Germany’s once largest shipyard continues production without having announced a new investor
In mid-April, the news hit the boating industry like a rock: Bavaria Yachtbau, until then the largest shipyard for sailing and motor yachts in Germany, was bankrupt. CEO Frank Henkel had to go, media reports about debts in the three-digit million euro range and the wrong strategy towards luxury yachts. The owners, financial investors Anchorage and Oaktree, had pulled the ripcord only days before. Since then, interim CEO Tobias Brinkmann has been trying to find a buyer for the shipyard while running the company under his own management.
Exactly four months after the announcement of the insolvency, negotiations and talks are still ongoing. There are said to be substantially interested parties who seriously want to acquire and continue the company. “There are offers for the purchase of Bavaria,” Brinkmann said today in an interview with float magazine. “We hope to announce a decision on the sale within the next few weeks.”
This means that Bavaria’s CEO is not quite on schedule. In order to keep the company attractive for a buyer, the shipyard now continues to produce after the end of the summer factory close – without a new owner.
“We plan to complete about 24 motor and sailing yachts in Giebelstadt in September,” says Brinkmann. The figures are far below the company’s capacity with around 600 employees. In May 2018, Bavaria delivered around 30 boats in two weeks. Since July, the employees have been paid out of the insolvency assets. At present, short-time working is in effect at the headquarters of the shipyard.
According to Brinkmann’s statements, there are purchase announcements by customers “in clear three-digit numbers” for new sailing yachts and motorboats from Bavaria. Presenting the potential buyer of the shipyard such a full order book should facilitate the sale. So far, however, Brinkmann has not been able to present a successor for the financial investors that Bavaria gave up in April as their own investment.
“We had a series of interesting and prominent prospective buyers from the industry,” comments the CEO, answering speculation about possible prospective buyers. According to a media report, a group of bidders led by Bavaria’s German competitor Hanse Yachts AG in Greifswald, marine retailer AW Niemeyer, and motorhome manufacturer Hymer were interested in acquiring Bavaria.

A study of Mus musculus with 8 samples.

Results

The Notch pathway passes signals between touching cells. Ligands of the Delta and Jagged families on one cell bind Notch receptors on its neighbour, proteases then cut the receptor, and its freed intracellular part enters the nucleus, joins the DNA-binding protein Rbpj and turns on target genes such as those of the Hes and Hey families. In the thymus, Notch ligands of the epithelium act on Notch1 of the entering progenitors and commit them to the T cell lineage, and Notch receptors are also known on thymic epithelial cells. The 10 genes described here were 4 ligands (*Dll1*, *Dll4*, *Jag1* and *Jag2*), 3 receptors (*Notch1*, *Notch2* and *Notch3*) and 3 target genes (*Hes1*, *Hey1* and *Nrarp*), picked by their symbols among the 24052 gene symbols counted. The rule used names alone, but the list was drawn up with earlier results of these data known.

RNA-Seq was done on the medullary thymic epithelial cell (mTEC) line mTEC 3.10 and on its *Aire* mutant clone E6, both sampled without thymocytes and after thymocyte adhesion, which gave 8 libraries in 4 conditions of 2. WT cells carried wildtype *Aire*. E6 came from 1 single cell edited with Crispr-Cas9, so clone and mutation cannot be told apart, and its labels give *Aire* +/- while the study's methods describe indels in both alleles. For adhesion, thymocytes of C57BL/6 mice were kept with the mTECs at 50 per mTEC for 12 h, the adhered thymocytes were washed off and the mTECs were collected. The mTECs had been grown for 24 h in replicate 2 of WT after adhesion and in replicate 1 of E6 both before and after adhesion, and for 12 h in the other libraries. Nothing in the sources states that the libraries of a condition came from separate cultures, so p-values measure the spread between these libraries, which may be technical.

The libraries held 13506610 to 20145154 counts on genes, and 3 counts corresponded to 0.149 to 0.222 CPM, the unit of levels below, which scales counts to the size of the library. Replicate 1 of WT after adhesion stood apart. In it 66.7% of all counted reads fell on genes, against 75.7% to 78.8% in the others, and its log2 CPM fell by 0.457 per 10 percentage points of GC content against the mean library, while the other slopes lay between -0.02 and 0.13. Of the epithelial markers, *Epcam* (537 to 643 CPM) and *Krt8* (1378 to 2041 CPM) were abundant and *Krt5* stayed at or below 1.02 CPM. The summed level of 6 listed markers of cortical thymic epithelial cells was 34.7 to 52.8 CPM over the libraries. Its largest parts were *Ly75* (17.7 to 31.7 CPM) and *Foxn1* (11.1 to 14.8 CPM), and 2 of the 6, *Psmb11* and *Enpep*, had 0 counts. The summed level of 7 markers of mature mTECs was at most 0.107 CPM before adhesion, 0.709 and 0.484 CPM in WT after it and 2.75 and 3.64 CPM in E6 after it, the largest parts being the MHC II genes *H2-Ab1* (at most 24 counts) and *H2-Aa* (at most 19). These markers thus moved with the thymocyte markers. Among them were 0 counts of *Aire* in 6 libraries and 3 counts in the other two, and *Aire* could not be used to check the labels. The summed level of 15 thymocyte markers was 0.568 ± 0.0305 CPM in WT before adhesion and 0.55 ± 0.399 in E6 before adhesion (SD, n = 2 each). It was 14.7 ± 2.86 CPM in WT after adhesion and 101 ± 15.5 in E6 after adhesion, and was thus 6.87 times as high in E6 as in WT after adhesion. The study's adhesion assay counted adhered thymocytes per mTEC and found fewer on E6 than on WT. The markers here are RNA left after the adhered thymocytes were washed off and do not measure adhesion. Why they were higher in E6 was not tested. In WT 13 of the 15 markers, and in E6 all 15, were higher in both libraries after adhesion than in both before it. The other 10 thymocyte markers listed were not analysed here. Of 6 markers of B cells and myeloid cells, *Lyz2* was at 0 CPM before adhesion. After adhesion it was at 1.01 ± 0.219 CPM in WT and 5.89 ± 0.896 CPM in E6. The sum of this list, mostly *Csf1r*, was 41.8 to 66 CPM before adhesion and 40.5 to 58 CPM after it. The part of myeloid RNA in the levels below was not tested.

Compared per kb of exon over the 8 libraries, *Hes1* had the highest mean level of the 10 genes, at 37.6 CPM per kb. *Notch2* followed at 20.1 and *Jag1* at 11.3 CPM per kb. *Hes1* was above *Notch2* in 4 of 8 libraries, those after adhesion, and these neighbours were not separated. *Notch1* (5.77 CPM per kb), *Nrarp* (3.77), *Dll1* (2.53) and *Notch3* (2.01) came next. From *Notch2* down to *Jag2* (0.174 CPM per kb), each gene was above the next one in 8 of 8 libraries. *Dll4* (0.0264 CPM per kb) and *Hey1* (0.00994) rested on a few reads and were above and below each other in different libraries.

Florian Nierich, responsible for marketing and communication at Hanse Yachts, commented today: “Of course we looked at Bavaria. We looked at the business model and considered whether it would make sense for us. We quickly realised that Bavaria did not fit into our concept. I can’t confirm that we were in negotiations with AW Niemeyer about a bidding syndicate.”
Bavaria Catamarans in France, formerly known as Nautitech and 100% owned by Bavaria Yachtbau, is not affected by the insolvency. The recently acquired manufacturer of multihull boats is also for sale. Whether as part of a complete sale of the shipyard group or separately, Brinkmann left open.
Whether the two new flagships – the Bavaria C65 (sail) and Bavaria R65 (motor) – will still be built in Croatia is currently unclear. “We are currently examining whether these models can also be built in Giebelstadt in the future,” says Brinkmann.
Bavaria will be represented at some of the autumn boat shows. This includes the Cannes Yachting Festival, which will start shortly. “From our point of view, the autumn trade fairs in September offer a good opportunity for the new owner of Bavaria to announce the new start publicly,” he said.
Media reports have stated that offers of €25m-€30m for the Bavaria shipyard were acceptable to the owners. Brinkmann commented: “The purchase price for Bavaria is determined by the price estimation of the prospective buyers. I expect this purchase price to be significantly lower than the price achieved by the former shareholders in 2007.”
In January, the German manufacturer had booked almost a complete hall with its “Bavaria World” at boot Düsseldorf. In the months prior to the insolvency, a product offensive was undertaken in the segment of larger sailing yachts in order to boost sales in the luxury segment. This strategy has turned out to be a flop before – directly after the first takeover of Bavaria by hedge funds in 2008. Whoever the new owner of Bavaria will be, the strategic reorientation is still pending.